Like the name implies, thief ants, or Solenopsis Molesti, are experts at stealing things, mostly food. These tiny subterranean conmen setup shop near other ants’ nests in order to pilfer the other ant colony’s food. Mighty but minuscule, these mobsters will stoop to stealing another ant colony’s eggs for tasty treats and will discreetly dispose of the carcasses of dead and dying ants when an ant colony goes south.
At only about 1/16th of an inch and gold in color, thief ants love dead insects and help control lawn and golf course pests like cutworms and scarab beetles. In fact, thief ants with colonies of several thousand workers and multiple queens can outsmart and outmaneuver fire ants, overcoming and eating the larger ants. Fire ants can’t establish colonies in areas where thief ants live. Sometimes mistaken for pharaoh ants, because of their size, thief ants exhibit different markings than pharaoh ants.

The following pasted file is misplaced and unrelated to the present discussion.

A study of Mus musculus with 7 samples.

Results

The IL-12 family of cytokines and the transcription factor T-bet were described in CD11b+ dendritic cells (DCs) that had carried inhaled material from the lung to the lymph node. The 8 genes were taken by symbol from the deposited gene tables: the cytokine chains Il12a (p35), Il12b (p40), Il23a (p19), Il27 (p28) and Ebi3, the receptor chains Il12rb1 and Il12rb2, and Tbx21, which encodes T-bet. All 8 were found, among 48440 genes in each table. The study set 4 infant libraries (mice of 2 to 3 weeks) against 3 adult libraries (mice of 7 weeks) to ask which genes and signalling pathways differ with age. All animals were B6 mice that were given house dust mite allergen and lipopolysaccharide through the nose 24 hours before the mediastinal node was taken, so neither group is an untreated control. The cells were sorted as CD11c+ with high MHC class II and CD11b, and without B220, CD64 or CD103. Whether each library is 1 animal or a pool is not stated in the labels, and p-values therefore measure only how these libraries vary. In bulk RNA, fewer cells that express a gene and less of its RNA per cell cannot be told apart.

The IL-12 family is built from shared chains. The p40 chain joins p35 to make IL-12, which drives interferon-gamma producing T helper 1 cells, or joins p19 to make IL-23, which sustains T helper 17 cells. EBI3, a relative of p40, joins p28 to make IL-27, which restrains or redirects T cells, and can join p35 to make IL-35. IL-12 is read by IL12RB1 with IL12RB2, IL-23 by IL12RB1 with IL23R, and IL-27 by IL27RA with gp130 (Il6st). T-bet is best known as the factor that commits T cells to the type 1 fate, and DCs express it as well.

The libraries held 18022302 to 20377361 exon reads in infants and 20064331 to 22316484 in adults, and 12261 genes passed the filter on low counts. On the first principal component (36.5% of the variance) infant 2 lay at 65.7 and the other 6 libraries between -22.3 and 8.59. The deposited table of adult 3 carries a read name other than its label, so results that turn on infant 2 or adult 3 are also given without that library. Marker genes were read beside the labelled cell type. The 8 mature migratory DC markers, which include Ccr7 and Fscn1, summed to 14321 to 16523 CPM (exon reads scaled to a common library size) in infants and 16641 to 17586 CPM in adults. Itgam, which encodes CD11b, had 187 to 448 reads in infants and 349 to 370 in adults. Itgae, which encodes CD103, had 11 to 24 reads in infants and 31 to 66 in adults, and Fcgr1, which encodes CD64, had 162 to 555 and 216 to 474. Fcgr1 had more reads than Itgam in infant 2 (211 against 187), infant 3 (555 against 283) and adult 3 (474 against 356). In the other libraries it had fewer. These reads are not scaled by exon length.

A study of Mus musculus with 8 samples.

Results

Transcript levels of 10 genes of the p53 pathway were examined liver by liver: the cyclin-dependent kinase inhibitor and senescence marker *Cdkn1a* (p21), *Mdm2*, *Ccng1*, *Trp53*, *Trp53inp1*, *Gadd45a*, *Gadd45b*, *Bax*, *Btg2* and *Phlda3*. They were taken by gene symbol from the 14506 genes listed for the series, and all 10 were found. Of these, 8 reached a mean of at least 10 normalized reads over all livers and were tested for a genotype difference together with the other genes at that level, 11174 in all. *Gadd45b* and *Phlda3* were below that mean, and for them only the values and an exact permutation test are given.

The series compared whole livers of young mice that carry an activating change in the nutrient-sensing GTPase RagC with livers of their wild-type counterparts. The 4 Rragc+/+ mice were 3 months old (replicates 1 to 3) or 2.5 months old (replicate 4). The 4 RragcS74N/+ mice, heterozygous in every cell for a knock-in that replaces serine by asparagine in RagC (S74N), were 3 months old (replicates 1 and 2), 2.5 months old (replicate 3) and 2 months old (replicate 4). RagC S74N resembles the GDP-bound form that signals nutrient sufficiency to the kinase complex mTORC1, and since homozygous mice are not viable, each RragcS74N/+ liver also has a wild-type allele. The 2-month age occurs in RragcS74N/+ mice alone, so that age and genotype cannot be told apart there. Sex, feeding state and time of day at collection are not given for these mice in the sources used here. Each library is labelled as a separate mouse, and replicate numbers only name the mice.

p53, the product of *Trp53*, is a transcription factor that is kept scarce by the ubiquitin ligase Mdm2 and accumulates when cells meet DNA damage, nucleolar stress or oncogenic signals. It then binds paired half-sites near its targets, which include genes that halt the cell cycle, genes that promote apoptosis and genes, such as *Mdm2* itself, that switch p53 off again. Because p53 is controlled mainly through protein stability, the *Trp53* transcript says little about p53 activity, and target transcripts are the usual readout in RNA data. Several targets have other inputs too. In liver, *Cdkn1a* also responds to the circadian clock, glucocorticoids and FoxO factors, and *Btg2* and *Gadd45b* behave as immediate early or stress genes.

Native to North America and found throughout much of the eastern and central United States, thief ants are so tiny they may go unnoticed in your home, munching on greasy foods, such as potato chips and proteins. Showing a preference for proteins, like animal carcasses, these tiny interlopers are also drawn to sweets. Just one donut could be a thief ant colony’s magic kingdom.
Thief ants will eat just about anything and travel long distances in search of food. In warm weather, thief ants may enter your home, through cracks in the foundation or small holes in wood, foraging in trails for food, throughout your home.